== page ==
Mini Tummy Tuck Vs Thermage for Loose Abdominal Skin?

I am 26 years old and I have a 14-month-old daughter. I am back to my pre-pregnancy weight, but still have a little extra skin around my belly button. I consulted with a plastic surgeon and he suggested either a mini Tummy Tuck to repair my stomach muscles or Thermage treatment. I really don't want to have a mini tummy tuck as it is so invasive, but I am also worried that the Thermage wont work. Any advise?

Doctor Answers (9)

Surgical Treatment Is Most Effective

+1

In patients with significant abdominal changes following pregnancy, non-surgical methods of treatments are rarely effective.  Thermage might create minimal changes, but not enough to make a major difference.  Surgical treatment still represents the most effective method of treating this problem in the majority of patients. 


Omaha Plastic Surgeon
5.0 out of 5 stars 89 reviews

Mini Tummy Tuck Vs. Thermage


John J. Edney, MD
Omaha Plastic Surgeon
4.5 out of 5 stars 58 reviews

How to treat loose abdominal skin after pregnancy


Of course, a physical exam would be required in order to fully evaluate your situation and give you the most accurate recommendation. I recommend you visit with at least one board certified plastic surgeon.

I hope that helps and wish you all the best!

James Knoetgen, III, MD
Fresno Plastic Surgeon
5.0 out of 5 stars 27 reviews



I am concerned based on your question that you will end up doing a nonsurgical or ill advised surgical procedure and be dissatisfied with the results.  Sometimes it is better no surgery then to the  disappointed with the results.

In my opinion, the mini tummy tuck is an  operation that  produces very limited results and is very rarely indicated. It involves a shorter incision but does not address the majority of the abdominal wall issues present for most patients who present consultation. For example, the area of skin excised is quite small. The abdominal wall musculature is addressed below the umbilicus leaving the upper number wall potentially lax. The appearance of the umbilicus is not necessarily addressed sufficiently.
 
For most patients who have had pregnancies and/or weight loss a full abdominoplasty is necessary to achieve the desired results. Of course, there are downsides (including a longer scar and probably a longer recovery time) but for most patients the benefits outweigh the downsides. It is not unusual to see patients who've had mini tummy tuck  surgery present for  revisionary surgery.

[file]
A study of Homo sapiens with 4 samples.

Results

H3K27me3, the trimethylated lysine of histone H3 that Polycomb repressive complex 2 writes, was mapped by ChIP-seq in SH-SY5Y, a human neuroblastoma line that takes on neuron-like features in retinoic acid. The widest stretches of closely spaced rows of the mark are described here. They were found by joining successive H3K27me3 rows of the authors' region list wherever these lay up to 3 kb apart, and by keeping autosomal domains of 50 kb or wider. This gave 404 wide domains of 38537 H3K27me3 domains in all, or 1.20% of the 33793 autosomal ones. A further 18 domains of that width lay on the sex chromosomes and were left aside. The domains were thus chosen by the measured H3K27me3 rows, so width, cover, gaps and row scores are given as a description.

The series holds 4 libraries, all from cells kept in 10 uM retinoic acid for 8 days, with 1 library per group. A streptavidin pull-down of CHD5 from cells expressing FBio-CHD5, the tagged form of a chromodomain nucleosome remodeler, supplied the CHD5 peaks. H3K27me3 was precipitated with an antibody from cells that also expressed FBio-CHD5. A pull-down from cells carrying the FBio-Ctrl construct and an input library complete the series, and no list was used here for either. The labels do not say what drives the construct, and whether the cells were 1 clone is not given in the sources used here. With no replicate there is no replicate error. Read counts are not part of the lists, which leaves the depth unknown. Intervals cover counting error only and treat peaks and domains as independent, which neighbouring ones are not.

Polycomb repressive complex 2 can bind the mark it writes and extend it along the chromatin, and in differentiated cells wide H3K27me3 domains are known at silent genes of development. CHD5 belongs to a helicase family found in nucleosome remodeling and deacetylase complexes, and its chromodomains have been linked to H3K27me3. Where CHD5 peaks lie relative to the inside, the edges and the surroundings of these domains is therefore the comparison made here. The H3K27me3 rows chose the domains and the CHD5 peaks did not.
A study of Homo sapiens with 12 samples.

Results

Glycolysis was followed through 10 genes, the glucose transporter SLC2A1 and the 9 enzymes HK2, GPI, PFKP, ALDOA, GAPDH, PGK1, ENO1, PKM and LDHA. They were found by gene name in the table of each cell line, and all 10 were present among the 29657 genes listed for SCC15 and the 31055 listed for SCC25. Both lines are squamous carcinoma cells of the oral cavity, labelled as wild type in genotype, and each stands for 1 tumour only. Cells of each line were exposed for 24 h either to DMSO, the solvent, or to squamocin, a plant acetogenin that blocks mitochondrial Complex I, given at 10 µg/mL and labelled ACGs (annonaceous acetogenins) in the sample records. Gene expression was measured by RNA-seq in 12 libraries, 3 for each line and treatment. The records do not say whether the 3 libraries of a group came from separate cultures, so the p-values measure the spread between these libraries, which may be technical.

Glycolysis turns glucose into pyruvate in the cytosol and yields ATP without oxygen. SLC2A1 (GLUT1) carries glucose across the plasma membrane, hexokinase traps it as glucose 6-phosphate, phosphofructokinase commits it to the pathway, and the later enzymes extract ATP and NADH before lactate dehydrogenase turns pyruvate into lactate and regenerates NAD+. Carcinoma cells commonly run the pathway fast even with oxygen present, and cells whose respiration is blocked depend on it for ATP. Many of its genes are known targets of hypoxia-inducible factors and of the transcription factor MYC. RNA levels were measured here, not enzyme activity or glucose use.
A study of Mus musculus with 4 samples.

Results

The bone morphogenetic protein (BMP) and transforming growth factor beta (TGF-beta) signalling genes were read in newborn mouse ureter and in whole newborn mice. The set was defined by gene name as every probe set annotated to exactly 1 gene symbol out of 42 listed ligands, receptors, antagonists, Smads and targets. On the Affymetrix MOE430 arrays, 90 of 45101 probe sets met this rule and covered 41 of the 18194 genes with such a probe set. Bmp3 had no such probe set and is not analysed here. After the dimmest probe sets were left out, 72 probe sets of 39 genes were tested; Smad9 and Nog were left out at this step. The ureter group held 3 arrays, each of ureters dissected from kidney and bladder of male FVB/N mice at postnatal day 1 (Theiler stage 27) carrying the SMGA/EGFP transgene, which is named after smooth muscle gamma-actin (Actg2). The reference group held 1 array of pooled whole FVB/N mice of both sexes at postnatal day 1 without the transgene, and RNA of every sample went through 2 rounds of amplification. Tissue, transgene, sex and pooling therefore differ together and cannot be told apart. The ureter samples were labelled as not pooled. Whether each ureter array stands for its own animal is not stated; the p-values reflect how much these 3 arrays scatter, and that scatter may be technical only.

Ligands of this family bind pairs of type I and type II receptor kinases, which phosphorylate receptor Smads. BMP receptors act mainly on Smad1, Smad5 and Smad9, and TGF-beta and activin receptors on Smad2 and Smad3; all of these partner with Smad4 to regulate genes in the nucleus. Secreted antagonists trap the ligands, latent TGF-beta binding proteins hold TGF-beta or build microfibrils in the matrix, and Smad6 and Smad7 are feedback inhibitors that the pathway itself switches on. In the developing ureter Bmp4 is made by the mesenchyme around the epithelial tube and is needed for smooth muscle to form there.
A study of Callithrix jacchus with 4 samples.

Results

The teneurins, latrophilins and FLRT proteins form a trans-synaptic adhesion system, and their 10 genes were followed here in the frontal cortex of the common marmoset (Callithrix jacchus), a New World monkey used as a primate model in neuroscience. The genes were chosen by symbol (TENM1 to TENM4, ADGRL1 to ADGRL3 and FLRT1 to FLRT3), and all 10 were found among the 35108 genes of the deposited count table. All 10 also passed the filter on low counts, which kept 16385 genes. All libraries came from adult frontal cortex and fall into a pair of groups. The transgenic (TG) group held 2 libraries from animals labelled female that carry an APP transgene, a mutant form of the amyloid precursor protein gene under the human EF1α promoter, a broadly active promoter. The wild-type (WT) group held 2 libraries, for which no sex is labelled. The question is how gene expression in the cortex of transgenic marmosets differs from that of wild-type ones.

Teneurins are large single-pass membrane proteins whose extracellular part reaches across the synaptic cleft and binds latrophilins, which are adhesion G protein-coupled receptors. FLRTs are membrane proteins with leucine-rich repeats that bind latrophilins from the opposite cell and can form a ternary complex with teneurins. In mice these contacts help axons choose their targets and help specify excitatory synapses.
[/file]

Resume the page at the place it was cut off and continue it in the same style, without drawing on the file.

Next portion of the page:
I hope this helps.
 

Tom J. Pousti, MD, FACS
San Diego Plastic Surgeon
5.0 out of 5 stars 792 reviews

Http://www.sullivancentre.com


Christine Sullivan, MD
Columbus Plastic Surgeon
5.0 out of 5 stars 22 reviews

Thermage versus tummy tuck for loose skin

+1

I have not been impressed with the Thermage but of course I see the patients who fail treatment and are dissatisfied with teh results. Even a mini tummy tuck may not correct your problem.

Otto Joseph Placik, MD
Chicago Plastic Surgeon
5.0 out of 5 stars 48 reviews

Mini tummy tuck vs thermage

+1

First, if you are planning to have any more children, I would put off any surgical intervention until after that time. Thermage may tighten the skin a bit( say 20-30%) if that is enough for you than do the Thermage. If you are notplanning to have more children, then a mini-tummy tuck may be a good solution.

Steven Wallach, MD
Manhattan Plastic Surgeon
4.5 out of 5 stars 18 reviews

Thermage doesn't work

+1

Don't waste your money on Thermage. It doesn't work.

A mini-abdominoplasty will deal with skin and muscle issues below the navel only. I see very few patients that are ideal candidates for that procedure.

A full abdominoplasty will give you a flat abdomen but at the expense of a lengthy scar across the lower abdomen... Usually with time, the scar ends up very acceptable, but it is there nevertheless.

Vincent N. Zubowicz, MD
Atlanta Plastic Surgeon
4.5 out of 5 stars 10 reviews

What are you willing to accept?

+1

Those are 2 very different procedures. A mini-abdominoplasty with remove some of the skin below the belly button and can tighten the muscles to a limited degree, but you have to accept the scar that will be present as a result. It is generally designed to be very low and concealed by a bikini, but it's still a scar. Thermage might (MIGHT) tighten the skin a little, but there's no scar. It also does nothing for the muscle. There is also the full tummy-tuck, but that would also put a scar around your belly button. Once the scar is there, it cannot be removed (although it will fade over time). Thermage has no downside except failure, which may deplete your savings if you're not careful! If you don't want a scar, you only have one choice. If you're willing to accept the scar, you can make a big difference. Good luck!

Robert S. Houser, DO
Columbus Plastic Surgeon
5.0 out of 5 stars 8 reviews

These answers are for educational purposes and should not be relied upon as a substitute for medical advice you may receive from your physician. If you have a medical emergency, please call 911. These answers do not constitute or initiate a patient/doctor relationship.